The two images above are unsettling side by side, I know, but I wanted to toss in my two cents about the 'Yogi Bear poster thing' and, while I suppose I could have done so without using any graphics, shock value cuts both ways and we're not exactly dealing with the most subtle subject matter here, so if you want to blame someone, blame Anchor Bay and Warner Bros., not me.
Poster on the left is the original one sheet for 'I Spit on Your Grave'. It was at the center of a riot of commentary online. Both mainstream and horror bloggers couldn't stand it. There were clamorous complaints: 'Too obvious', 'too direct', 'gross', 'simple-minded in its implications'. I thought the poster was so on-the-nose the movie might as well be called 'I Cut With a Pair of Garden Shears'.
After a while we got another poster. This one was equally hated, but for more emotional and political reasons. 'Sexist!', 'glorifies rape', 'sexualizes violence' was the outcry.
A few days later distributor Anchor Bay announced 'I Spit on Your Grave' would be released unrated and would include the most graphic and repulsive depictions the MPAA demanded be cut in order that the movie secure an R-rating.
There was a third wave of negative comments: 'pure exploitation cinema' bloggers wailed. That was three in a row for Anchor Bay. 'I Spit on Your Grave' had gotten tons of free press thanks to marketing that was controversial and offensive, but in a contrived and obvious way. I dubbed it the 'I Spit on Your Rating System' approach to marketing, or I-SOYRS, aka: Eyesores Marketing. (Yes, I'm quite proud).
I-SOYRS utilizes promotional materials that are so overtly odious they inspire, as a reflex, highly energetic commentary by industry observers, which amounts to free advertising for the movie. It worked for Anchor Bay with 'I Spit on Your Grave', and now it looks like Warner Bros. may be trying the same approach for 'Yogi Bear'.
The poster on the (top) right is a vertical banner for 'Yogi Bear', a kids romp with Dan Aykroyd as Yogi and Justin Timberlake as Boo Boo. Both the position of the bears and the less than subtle tagline are sexual double entendres and a fairly unified protest has erupted (no sexual double entendre intended) on the web. Almost every movie site and blog has posted commentary, most of which runs along the lines of 'too obvious', 'too direct', 'gross', and 'simple-minded in its implications'. Whether the tone is jokey or serious, most everybody has had something to say about this poster since its release (no sexual double entendre intended). And all this press cost Warner Bros. nothing.
The technique might work quite well for a remake of a notoriously violent and gruesome horror movie. Marketing for 'I Spit on Your Grave' is supposed to be edgy. Even offensive. I can see horror fans reacting positively: "It's so gross the producers decided they had to release an unrated cut to maintain artistic integrity? I'm there."
But you have to wonder how the I-SOYRS method, using such a plodding and obvious tagline as 'Great things come in bears' with a smiling Yogi directly behind an innocent Boo Boo, can work for a kids movie like 'Yogi Bear'. What are parents supposed to think? 'I have to take my kid(s) to see this movie! The little brat(s) will shut up for 90 minutes and watch a stupid story that they'll love while me and the missus snicker at all the cool sexual double entendres'. That the double entendre in question may be about intercourse with children and/or young animals won't be part of the decision process, I suppose.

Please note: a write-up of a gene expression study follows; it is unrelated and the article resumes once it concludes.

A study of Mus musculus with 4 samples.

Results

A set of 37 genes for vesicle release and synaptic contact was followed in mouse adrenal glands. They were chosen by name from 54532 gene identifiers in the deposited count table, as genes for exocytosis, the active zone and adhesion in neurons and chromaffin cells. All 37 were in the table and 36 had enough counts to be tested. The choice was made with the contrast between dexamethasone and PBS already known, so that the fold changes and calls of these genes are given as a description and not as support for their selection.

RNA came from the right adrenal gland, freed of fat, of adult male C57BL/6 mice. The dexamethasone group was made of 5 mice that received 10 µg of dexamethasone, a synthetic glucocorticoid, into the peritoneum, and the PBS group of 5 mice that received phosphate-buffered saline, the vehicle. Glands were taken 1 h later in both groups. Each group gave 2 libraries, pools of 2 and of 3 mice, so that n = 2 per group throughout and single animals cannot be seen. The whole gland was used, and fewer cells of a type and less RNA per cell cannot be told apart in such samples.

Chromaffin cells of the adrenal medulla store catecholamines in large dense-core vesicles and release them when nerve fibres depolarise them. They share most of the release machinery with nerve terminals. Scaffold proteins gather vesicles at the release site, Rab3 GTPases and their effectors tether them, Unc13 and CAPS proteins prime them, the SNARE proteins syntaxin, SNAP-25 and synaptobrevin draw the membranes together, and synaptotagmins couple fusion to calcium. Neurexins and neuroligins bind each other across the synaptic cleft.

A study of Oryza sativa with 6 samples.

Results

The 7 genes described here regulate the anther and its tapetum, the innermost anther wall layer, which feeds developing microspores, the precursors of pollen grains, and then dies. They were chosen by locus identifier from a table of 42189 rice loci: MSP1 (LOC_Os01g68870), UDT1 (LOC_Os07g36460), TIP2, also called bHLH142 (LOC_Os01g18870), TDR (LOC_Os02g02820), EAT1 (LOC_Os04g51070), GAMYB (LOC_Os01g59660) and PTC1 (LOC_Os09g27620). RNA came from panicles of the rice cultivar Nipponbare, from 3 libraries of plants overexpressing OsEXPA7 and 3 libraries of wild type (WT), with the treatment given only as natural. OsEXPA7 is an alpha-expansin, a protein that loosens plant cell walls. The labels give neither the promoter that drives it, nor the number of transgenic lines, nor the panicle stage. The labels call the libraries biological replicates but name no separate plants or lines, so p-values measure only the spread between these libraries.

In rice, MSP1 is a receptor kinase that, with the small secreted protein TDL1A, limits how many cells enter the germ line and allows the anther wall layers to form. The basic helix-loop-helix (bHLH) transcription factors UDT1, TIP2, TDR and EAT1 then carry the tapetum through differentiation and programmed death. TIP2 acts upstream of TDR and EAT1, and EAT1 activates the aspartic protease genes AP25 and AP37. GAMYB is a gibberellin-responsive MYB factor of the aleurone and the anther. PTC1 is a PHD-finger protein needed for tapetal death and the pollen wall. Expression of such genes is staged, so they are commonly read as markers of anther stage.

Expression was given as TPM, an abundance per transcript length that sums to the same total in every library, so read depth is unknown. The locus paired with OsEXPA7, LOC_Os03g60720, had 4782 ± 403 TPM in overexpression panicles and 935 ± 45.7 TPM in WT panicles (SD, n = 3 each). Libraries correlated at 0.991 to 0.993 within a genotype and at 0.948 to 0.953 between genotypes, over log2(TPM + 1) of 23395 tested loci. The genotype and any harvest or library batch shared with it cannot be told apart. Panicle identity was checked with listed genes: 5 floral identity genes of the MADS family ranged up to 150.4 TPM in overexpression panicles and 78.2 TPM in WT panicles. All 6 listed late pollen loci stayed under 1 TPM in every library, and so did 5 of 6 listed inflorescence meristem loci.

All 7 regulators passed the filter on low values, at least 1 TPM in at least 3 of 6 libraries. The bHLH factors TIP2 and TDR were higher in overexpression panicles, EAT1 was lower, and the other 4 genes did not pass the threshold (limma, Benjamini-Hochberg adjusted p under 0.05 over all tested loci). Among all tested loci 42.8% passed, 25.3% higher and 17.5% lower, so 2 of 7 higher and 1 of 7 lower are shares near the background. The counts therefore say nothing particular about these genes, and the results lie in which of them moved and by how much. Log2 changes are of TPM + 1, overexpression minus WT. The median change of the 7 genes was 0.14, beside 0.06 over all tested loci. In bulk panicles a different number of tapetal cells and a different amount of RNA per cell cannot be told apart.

Is that really what Warner Bros. was going for?
So then, the target demographic group here is kids who happen to have childish idiotic parents who guffaw at childish idiotic sexual innuendo. I see... Way to go Warner Bros.
'Great things come in bears' has no meaning. It doesn't, literally, mean 'bears are great'. (Well, it might, but 'bears are great' is a much better way to say that). It could mean 'In bears you find great things', but that doesn't make much sense. As a sexual allusion, this tagline is a crippled effort. Really, it's a painfully simple and direct play on words -- a juvenile use of taboo sexual slang made all the more titillating by the fact that the line goes under Boo Boo's nose with Yogi looking over his shoulder (yes, from behind).
I can see the boys at Warner Marketing giggling, hands covering mouths.
If the point was to create a tagline as dumb as it is creepy so movie bloggers would have a field day, Warner Bros. succeeded. Negative commentary has spewed (no sexual double entendre intended) forth from nearly every movie site.
I wonder what eyesore Warner Marketing will come (no sexual double entendre intended) up with next to promote Yogi and Boo Boo. Whatever it is I'm sure it'll be as obvious as it is childish.
Of course, if it works, if the marketing for 'Yogi Bear' makes the movie a hit, then we'll be in for repeated volleys of sophomoric sexual humor, no matter how inappropriate to the subject matter of the movie at hand (no sexual double entendre intended), to promote Hollywood releases (no sexual double entendre intended).
Bad puns, childish use of risque sexual slang, and obvious graphics on movie posters will come, again and again, right in our faces, as we engage ourselves in intimate intercourse and/or congress with our favorite movie blogs.
William Hanna and Joseph Barbera would be proud.